Greetings from Portsmouth, New Hampshire!
U.S. Congress continues to chug along with its work on federal privacy legislation at a surprisingly quick and robust pace. Thursday's House Committee on Energy and Commerce markup of the American Data Privacy and Protection Act shows at least one chamber has enough consensus to move along in the legislative process. Compromise remains to be seen in the Senate, where stalemates loom large.
While all eyes are on potential legislation, the longtime sidecar to a federal law has re-emerged. The Federal Trade Commission quietly refiled its Advanced Notice of Proposed Rulemaking for privacy and AI earlier this month after a pre-filing in December 2021 wasn't followed through on. Stakeholder comments on the ANPRM are due sometime in August, though that deadline may be open-ended.
After the news broke, I spoke with a handful of folks with knowledge of the FTC's procedures and workings. One source said the current dates and timeline attached to the ANPRM have "no bearing on the timeline for releasing a rule." These current dates amount to placeholders, so worries and anxiety over rulemaking in the near future can simmer.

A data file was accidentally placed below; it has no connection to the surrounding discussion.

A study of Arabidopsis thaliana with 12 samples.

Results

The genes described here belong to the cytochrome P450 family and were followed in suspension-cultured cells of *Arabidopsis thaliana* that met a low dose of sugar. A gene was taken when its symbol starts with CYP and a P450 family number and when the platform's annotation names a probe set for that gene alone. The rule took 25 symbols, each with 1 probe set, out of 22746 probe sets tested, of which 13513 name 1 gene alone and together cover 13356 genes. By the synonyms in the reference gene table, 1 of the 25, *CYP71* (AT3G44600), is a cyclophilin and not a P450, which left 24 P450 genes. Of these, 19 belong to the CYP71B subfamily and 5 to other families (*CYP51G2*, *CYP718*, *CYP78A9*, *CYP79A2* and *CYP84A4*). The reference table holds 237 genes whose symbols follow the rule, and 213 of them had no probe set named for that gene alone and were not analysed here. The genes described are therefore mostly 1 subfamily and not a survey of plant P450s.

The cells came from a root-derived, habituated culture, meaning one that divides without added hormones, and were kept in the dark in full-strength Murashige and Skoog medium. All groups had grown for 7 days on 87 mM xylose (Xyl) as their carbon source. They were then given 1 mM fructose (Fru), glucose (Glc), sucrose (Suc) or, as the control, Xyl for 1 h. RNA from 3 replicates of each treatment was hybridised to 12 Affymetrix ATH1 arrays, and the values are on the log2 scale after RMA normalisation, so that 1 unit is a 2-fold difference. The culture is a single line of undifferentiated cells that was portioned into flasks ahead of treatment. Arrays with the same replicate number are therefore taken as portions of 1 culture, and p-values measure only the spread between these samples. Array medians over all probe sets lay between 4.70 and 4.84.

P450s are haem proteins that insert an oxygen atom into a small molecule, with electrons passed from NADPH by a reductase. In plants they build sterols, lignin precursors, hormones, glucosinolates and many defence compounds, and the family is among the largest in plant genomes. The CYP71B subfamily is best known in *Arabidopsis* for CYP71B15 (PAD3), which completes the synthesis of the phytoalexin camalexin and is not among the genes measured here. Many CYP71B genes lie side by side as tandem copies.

But the filing does raise the question of what the FTC is lining itself up for, with or without federal legislation. All the sources I spoke with agreed that the FTC is getting its ducks in a row for a potential swing-and-miss by Congress on federal legislation, with one source calling it "a type of insurance" the commission can immediately turn back to and run with. There will be no balancing act between rulemaking and legislation besides targeted Administrative Procedure Act rulemaking authority for the FTC provided by a federal law. Any move for rulemaking on top of a law would be "viewed quite poorly" by federal lawmakers, according to a source.
So where do we stand with rulemaking if current Congressional talks on a law fall through? Well, the commission might be planning the safety net but it's not supported across the board. The FTC's Democratic majority — thanks to Alvaro Bedoya's long-awaited confirmation as FTC commissioner — will allow a rulemaking package to forge ahead despite Republican opposition. The previous partisan split without Bedoya could explain why the commission let last year's initial crack at kickstarting rulemaking slip by the wayside.
With an eye toward bipartisanship, one source said a potential consensus avenue could lie with privacy rulemaking over "prohibited conduct that could not reasonably be considered legitimate business activity."
What's clear at this point is the appetite for tackling privacy in Washington, D.C., has never been larger. The bad news is the answer to fulfilling that appetite likely isn't as close as lawmakers and stakeholders hope.